The unusual leaf distortion damage caused by the spiny witchhazel gall aphid (Hamamelistes spinosus) is now appearing on river birch in southwest Ohio. The aphid produces raised ribs or "corrugations" on the upper leaf surface that match deep furrows between the veins on the lower leaf surface where the aphids live. The aphid has a complex life cycle that involves two hosts: witchhazel (Hamamelis spp.) and birch (Betula spp.). Winter is spent either as eggs on witchhazel bark or as immature female aphids under birch bark.
The aphid is sometimes called the "river birch aphid" owing to its affinity for B. nigra. On birch, the females move to newly expanding leaves in the spring where they feed, mature, and give birth to a new crop of aphids. Aphid numbers expand quickly with each succeeding generation contributing to an ever-expanding aphid population. The feeding damage on birch causes the expanding leaves to pucker and bulge length-wise producing the characteristic leaf corrugations. The aphids cover themselves in a waxy, white, flocculent material and live on the underside of the leaves within the corrugations. The affected leaves will usually turn yellow and may prematurely fall off of the tree.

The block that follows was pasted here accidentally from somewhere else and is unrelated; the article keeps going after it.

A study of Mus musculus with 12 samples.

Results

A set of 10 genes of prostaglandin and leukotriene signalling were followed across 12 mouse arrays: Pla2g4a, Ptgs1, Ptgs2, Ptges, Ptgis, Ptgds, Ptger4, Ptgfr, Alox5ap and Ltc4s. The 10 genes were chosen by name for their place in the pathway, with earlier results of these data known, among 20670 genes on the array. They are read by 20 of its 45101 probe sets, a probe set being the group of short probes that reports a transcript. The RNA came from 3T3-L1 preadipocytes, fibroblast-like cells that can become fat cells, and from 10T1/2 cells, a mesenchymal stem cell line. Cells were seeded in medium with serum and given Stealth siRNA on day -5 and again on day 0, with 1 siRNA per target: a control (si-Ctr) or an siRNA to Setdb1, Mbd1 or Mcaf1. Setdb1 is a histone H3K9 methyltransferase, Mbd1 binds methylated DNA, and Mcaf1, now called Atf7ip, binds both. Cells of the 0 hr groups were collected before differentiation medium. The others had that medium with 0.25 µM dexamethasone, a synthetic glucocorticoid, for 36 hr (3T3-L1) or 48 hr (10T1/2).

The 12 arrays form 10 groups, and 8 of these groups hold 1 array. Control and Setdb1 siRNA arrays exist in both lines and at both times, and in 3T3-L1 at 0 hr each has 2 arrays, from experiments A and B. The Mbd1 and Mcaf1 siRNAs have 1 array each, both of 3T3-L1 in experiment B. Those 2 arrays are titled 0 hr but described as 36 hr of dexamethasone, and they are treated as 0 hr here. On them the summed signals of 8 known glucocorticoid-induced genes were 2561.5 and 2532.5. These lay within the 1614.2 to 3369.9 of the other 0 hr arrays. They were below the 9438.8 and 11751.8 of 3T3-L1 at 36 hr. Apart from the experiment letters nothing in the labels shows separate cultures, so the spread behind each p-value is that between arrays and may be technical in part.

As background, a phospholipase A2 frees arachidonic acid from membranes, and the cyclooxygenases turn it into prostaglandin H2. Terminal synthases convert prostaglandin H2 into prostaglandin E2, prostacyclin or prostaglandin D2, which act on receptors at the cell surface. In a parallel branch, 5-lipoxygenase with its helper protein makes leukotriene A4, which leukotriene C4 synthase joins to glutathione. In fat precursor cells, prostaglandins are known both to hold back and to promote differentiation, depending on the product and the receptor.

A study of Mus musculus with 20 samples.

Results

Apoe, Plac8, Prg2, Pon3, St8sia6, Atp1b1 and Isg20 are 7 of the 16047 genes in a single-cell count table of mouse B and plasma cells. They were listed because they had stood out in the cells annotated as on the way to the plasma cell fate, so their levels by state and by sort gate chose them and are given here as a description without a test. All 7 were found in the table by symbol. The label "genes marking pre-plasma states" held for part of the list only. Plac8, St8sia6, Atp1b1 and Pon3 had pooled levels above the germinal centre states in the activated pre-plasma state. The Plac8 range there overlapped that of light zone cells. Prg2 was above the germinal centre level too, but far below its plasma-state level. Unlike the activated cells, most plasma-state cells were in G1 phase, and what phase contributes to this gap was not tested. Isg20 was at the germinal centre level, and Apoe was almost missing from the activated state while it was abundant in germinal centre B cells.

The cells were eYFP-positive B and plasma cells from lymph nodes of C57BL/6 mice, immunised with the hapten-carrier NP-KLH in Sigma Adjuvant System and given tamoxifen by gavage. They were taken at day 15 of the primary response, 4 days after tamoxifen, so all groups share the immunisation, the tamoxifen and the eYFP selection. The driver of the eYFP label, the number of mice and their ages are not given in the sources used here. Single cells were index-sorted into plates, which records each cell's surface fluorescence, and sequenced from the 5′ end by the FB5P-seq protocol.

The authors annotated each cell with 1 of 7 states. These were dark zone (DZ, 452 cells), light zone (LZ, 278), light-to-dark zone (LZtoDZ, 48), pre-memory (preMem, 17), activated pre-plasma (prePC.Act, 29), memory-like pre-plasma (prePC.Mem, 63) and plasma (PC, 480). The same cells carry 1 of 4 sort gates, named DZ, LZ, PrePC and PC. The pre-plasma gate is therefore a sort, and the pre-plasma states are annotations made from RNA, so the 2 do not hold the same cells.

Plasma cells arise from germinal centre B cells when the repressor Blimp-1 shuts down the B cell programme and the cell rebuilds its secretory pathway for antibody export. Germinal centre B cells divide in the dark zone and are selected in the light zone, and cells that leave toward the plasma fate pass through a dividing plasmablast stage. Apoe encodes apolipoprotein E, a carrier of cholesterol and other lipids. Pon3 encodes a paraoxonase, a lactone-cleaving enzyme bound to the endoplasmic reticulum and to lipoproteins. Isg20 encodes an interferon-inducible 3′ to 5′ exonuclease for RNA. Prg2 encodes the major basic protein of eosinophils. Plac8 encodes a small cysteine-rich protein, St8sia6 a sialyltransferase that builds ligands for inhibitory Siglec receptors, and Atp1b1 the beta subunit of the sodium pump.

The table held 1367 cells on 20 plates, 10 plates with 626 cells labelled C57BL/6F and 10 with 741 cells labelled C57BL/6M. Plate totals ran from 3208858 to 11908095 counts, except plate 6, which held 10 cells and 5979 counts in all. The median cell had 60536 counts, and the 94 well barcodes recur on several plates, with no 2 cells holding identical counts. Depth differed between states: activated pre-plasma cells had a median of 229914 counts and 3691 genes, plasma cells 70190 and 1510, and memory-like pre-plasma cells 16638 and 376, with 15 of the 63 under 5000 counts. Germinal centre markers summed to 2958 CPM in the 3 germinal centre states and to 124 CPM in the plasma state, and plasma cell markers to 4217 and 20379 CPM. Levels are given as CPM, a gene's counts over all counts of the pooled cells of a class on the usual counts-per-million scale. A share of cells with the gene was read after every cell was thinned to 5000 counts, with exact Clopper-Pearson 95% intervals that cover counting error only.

Eventually, the aphids on birch produce winged females that fly to witchhazel. They lay eggs on the bark that will hatch into "stem mothers" the following spring. The stem mothers feed on newly expanding buds and inject chemicals that cause the buds to form a hollow, spiny, globular gall around their progeny. The winged aphids arising from the witchhazel galls fly back to birch.
Damage to both plant hosts is usually not severe enough to warrant treatment, particularly on witchhazel where the galls have little impact on plant health. Frequently, numerous predators will destroy aphid populations on the birch leaves. However, if heavy infestations on birch are consistently occurring on highly visible landscape plants or in nurseries, aphid populations can be reduced using systemic insecticides such as a fall soil drench application of imidacloprid (e.g. Merit), or a spring soil drench application of dinotefuran (e.g. Safari).
This final image shows another harbinger of spring: a mature Fall Cankerworm (Alsophila pometaria) caterpillar. It looks like a late instar stage and is probably seeking protection within the corrugated birch leaf. The common name for this caterpillar comes from the time of the year when the adult moths are active and eggs are laid. Spring Cankerworms (Paleacrita vernata) moths are active in the spring. However, the eggs of both moths hatch in the spring and the resulting "inch-worm" caterpillars may be found feeding side-by-side on the same tree hosts. Both caterpillars are general defoliators and often remain undetected unless we're suffering an "outbreak" year with high populations. This caterpillar or its brothers and sisters are no doubt responsible for the missing parts of some the leaves in my images.